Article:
Roger Guenveur Smith does not offer any conspiracy theories about the death of reggae legend Bob Marley in his unfocused one-person multimedia stage piece. “Who Killed Bob Marley?” takes its title from the Arthur Jafa film that featured Smith portraying a suicidal poet, filmed in Jamaica. Combining Smith’s surrealistic spoken-word narrative, music (Marc Anthony Thompson) and video (Jafa), legiter attempts to engage the audience in a very personal journey that meanders through myriad autobiographical memories and thoughts. What the production lacks is the shaping skill of an objective helmer.
Dressed in black and barefoot, Smith moves sinuously about a bare stage, offering slivers of recollections that focus on his father, his brief encounters with Marley, the woman who played his love interest in the Jafa film, his youthful traumas and the hypnotic power of water.
“Who Killed Bob Marley?” lacks the intense clarity and focus that made his previous works (“A Huey P. Newton Story,” “Frederick Douglass Now”) so memorable.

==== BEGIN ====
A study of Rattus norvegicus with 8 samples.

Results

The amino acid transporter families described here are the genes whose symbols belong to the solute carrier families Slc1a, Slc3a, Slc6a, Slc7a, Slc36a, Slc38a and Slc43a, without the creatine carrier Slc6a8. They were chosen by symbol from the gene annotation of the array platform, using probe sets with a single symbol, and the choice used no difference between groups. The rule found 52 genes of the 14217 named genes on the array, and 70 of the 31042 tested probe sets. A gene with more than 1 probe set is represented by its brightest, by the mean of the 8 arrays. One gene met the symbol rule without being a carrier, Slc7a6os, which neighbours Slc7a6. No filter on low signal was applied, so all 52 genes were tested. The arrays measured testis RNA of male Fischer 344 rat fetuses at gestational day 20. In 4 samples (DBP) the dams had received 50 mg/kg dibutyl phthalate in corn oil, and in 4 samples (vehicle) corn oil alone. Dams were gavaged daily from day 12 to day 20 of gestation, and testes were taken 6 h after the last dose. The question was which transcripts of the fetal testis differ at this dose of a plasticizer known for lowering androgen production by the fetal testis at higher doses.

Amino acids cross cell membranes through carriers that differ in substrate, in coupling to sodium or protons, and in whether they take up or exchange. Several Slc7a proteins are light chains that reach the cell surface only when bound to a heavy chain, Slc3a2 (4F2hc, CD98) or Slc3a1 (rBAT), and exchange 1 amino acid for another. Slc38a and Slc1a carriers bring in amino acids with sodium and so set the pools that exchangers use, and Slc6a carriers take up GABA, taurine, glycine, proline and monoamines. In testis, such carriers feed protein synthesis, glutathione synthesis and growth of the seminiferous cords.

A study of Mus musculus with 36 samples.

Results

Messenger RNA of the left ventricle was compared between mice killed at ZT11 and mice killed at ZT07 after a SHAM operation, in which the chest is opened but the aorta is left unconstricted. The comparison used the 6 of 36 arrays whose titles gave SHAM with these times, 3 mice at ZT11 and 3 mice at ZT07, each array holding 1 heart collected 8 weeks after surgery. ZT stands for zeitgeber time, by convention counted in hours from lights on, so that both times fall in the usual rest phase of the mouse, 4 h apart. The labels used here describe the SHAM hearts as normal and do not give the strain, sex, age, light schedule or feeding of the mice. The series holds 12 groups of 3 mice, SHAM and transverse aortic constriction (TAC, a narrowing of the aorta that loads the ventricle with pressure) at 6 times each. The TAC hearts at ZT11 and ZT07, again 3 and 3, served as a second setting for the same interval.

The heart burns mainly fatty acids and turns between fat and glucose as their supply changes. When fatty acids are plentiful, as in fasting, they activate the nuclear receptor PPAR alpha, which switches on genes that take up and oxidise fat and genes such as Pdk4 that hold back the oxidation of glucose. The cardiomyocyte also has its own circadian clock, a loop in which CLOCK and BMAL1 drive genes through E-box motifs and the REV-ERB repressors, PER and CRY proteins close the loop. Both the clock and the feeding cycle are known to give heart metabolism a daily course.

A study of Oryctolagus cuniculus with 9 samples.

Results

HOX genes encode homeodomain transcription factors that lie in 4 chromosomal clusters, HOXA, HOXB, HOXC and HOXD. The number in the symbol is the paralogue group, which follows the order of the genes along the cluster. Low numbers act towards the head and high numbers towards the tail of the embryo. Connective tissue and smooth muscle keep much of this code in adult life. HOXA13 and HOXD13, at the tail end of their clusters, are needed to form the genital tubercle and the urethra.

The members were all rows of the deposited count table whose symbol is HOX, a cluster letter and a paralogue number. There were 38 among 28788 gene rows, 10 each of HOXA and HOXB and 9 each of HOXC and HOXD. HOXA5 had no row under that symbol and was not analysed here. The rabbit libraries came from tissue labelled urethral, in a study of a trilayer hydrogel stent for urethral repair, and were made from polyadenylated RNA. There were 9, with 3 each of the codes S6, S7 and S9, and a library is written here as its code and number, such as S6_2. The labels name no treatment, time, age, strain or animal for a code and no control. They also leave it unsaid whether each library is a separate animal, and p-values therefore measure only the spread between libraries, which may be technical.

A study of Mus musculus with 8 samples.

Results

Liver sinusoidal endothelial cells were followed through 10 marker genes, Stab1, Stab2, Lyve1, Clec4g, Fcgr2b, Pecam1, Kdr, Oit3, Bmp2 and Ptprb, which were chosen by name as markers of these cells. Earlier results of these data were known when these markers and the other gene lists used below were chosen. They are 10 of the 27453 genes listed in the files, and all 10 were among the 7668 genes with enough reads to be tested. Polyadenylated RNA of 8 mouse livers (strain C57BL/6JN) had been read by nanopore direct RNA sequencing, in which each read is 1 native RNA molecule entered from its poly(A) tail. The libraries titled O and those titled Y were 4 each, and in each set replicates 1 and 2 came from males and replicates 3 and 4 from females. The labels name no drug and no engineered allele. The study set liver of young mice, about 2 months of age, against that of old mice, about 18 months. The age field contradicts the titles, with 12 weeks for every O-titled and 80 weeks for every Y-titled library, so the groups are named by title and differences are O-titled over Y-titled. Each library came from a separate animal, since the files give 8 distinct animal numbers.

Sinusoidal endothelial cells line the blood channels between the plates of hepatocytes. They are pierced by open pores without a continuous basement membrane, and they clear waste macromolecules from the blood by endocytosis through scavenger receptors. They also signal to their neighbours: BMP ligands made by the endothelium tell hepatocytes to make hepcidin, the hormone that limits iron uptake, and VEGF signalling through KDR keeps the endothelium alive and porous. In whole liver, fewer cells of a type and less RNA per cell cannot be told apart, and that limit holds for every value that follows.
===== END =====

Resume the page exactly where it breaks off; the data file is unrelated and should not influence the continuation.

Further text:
Constantly time shifting, Smith flows over subject matter with no concern about chronology, spurred on by the pulsating rhythms of Thompson’s score. As if to clarify Smith’s rudderless text, Jafa’s video images offer a collage of visuals that include home movies from Smith’s childhood, including trips to Jamaica with his father, and clips from Jafa’s film that features Smith’s film alter ego and his co-star.
Within the onslaught of semi-fulfilled themes, Smith does project engaging charisma and wit, revealing his own insecurities as a young artist, his hilarious but near-deadly encounter with Rastafarians after asking them to lower the volume of their music and his reverential meetings with August Wilson and Marley. Smith assumes a demeanor of hypnotic fascination at his own words when relating his near drowning in the waters off Jamaica.
His adoration of his father, a successful lawyer and judge, dominates throughout, and Smith insinuates tantalizing comparisons between himself and the man he feels shaped much of his psyche. He riffs thoughts to himself more than to the audience, calculating what he has assumed from his father and what is his true individual identity.